U.S. Officials Launch A Zika Travel Advisory For Southeast Asia

The difference between Southeast Asia’s “endemic” and Latin America and the Caribbean’s “epidemic”:

It’s important to note like the map above that there’s a difference between the Zika “epidemic” sweeping South and Central America and the Caribbean ― for which officials issued a travel alert ― and the lower-level “endemic” in Southeast Asia, for which officials issued a travel consideration

According to the CDC, Zika virus has been present in parts of Southeast Asia for years, and a large portion of the local population has likely developed immunity to the virus. Occasional Zika cases may occur, but it’s less likely that there will be a virus outbreak there than in virgin Zika territory. (Of course, travelers without such immunity may always be vulnerable.)

In comparison, Latin America and the Caribbean are experiencing a Zika epidemic. In those countries, the Aedes aegypti mosquito that primarily transmits the virus is present, and because there haven’t been reports of Zika virus in the area in the past, it’s unlikely that any local population has built up immunity. In Brazil, for example, where Zika virus spread rapidly this year, there have been 1,800 confirmed cases of Zika-related microcephaly.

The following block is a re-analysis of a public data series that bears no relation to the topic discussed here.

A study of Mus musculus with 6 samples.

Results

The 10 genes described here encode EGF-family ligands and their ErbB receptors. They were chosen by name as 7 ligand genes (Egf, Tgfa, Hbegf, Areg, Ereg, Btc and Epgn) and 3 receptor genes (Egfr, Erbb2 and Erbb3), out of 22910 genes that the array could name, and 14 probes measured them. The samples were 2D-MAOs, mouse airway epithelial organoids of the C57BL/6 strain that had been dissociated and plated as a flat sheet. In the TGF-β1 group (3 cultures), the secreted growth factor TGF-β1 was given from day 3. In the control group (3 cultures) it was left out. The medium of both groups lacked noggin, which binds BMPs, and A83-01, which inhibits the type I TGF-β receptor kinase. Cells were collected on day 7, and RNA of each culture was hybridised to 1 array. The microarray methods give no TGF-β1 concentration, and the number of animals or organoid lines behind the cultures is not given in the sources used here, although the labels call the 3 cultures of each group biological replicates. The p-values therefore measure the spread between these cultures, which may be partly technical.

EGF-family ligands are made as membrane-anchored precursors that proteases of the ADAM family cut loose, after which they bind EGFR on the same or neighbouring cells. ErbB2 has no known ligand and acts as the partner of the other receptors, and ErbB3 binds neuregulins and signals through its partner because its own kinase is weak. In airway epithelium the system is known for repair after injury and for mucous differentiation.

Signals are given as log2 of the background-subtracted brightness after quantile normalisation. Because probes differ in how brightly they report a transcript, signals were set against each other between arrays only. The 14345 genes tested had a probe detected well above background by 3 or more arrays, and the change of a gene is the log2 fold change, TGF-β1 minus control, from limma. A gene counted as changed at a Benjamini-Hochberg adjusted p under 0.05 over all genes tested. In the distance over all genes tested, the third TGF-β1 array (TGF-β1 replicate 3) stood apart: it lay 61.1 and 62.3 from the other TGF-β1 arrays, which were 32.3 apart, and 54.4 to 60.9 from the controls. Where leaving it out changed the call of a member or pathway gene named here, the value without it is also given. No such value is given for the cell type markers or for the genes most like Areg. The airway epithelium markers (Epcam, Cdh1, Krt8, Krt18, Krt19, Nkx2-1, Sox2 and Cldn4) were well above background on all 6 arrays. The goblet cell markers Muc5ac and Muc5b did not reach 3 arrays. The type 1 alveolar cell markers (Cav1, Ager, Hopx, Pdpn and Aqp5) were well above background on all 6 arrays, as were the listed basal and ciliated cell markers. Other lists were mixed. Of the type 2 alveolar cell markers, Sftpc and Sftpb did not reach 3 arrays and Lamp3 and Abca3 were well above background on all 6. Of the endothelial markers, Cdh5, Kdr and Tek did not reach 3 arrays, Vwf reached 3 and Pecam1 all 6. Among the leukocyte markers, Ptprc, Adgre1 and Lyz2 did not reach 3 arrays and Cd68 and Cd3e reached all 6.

Practically speaking, there’s not a big difference between the travel consideration and the travel warning. Both advise pregnant women or couples who are planning to become pregnant to consult a medical professional before traveling to an area with Zika virus, and to take steps to avoid mosquitos bites if they do decide to travel.

On September 30, the CDC changed its guidelines for men who have recently visited an active Zika outbreak area and want to conceive. Men should now wait at least six months following their last possible Zika exposure to conceive, up from an eight-week waiting period under the agency’s previous guidelines, regardless of whether or not they’ve experienced Zika symptoms.

For babies exposed to Zika virus in-utero, the effects can be devastating. Infants born with microcephaly typically have abnormally small heads and can have developmental disabilities. And even those born with normal-sized heads can have damage from the infection, including brain abnormalities and joint malformation linked to the virus, according to a report published in August in the journal Radiology.

The article has been updated to reflect the CDC’s latest Zika recommendations for men trying to conceive.